The statistic reflects the total value of new private construction put in place in the United States between 1999 and 2014. Here, the total value of new private construction put in place came to around 675 billion U.S. dollars in 2003.
Value of new private construction put in place
Valued at around 687 billion U.S. dollars in 2014, private sector construction spending continued its positive trend from 2010, when the value of new private construction put in place came to a little over 500 billion U.S. dollars. The sector can be divided into non-residential and residential construction. Non-residential construction was valued at around 337 billion U.S. dollars in 2014. In the same year, the value of new private residential buildings put in place came to around 350 billion U.S. dollars, the highest value since the 2008 subprime mortgage crisis shocked the U.S. housing market. In light of historically low mortgage rates - the 15-year fixed-rate dropped to under three percent in 2012 — the US housing market seems to be on the path to recovery throughout the nation.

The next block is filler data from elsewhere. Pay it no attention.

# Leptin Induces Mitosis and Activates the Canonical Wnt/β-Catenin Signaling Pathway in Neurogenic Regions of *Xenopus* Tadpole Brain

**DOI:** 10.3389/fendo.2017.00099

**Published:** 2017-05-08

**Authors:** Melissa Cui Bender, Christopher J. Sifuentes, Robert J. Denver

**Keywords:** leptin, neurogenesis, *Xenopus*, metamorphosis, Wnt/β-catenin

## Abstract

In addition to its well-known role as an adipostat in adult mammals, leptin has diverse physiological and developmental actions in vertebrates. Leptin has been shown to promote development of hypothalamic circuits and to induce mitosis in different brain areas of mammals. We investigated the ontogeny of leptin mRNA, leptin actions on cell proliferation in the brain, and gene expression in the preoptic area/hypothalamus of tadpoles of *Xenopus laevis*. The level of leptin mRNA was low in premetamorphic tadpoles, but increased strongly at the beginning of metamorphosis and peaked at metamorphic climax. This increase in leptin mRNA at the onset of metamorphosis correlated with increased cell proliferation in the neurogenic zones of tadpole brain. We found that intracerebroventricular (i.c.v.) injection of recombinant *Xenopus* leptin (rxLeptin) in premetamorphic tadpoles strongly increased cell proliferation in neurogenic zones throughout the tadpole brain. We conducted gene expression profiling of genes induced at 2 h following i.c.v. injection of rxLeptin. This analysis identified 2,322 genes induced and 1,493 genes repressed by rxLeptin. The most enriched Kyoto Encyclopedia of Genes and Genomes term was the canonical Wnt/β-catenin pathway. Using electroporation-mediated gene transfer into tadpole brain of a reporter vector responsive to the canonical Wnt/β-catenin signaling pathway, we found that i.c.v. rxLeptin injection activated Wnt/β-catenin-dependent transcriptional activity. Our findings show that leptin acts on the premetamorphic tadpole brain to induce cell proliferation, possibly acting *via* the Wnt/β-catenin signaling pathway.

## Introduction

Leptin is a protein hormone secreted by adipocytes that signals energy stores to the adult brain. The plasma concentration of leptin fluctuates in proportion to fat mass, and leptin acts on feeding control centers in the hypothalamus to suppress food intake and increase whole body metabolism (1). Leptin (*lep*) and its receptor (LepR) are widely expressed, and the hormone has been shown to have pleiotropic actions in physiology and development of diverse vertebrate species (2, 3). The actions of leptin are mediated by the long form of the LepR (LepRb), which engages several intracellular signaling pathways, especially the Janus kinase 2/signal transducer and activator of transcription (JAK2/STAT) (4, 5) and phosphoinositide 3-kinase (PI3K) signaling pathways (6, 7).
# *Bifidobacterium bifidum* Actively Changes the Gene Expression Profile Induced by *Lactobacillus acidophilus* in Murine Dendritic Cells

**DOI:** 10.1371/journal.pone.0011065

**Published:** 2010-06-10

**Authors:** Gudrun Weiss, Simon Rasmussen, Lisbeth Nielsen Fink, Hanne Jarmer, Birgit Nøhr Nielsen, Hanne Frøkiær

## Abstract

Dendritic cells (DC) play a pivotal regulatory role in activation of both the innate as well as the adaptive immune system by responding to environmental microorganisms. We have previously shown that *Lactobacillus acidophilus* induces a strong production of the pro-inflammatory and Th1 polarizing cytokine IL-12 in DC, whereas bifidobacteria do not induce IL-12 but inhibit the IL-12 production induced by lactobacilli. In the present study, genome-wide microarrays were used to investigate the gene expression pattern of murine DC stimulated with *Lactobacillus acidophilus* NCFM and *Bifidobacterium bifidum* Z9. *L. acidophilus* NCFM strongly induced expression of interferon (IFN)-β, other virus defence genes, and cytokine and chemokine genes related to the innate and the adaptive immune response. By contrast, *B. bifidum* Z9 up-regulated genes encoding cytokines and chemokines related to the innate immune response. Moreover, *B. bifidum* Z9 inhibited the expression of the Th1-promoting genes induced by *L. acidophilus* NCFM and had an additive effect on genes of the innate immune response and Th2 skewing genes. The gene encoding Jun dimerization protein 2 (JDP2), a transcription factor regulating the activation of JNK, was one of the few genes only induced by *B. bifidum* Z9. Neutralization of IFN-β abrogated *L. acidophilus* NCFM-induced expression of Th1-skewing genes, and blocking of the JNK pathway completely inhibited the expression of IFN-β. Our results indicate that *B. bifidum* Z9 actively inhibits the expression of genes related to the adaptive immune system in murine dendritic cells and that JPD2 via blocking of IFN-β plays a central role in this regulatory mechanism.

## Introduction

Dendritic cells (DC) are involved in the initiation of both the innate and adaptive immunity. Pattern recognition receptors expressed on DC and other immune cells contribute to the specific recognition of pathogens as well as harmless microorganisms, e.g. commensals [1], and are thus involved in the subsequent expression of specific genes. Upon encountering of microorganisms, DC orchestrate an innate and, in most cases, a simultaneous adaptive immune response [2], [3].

The increase in value of new private construction put in place also translated into higher property prices, which were back to pre-crisis levels by 2012. In addition, the national Case-Shiller Home Price Index grew from around 128 points in 2011 to about 159 points in 2013. However, the positive signs are more obvious in some parts of the country than others. While foreclosure filings are down in Seattle, foreclosure activity remains high in Massachusetts, Vermont and New Jersey.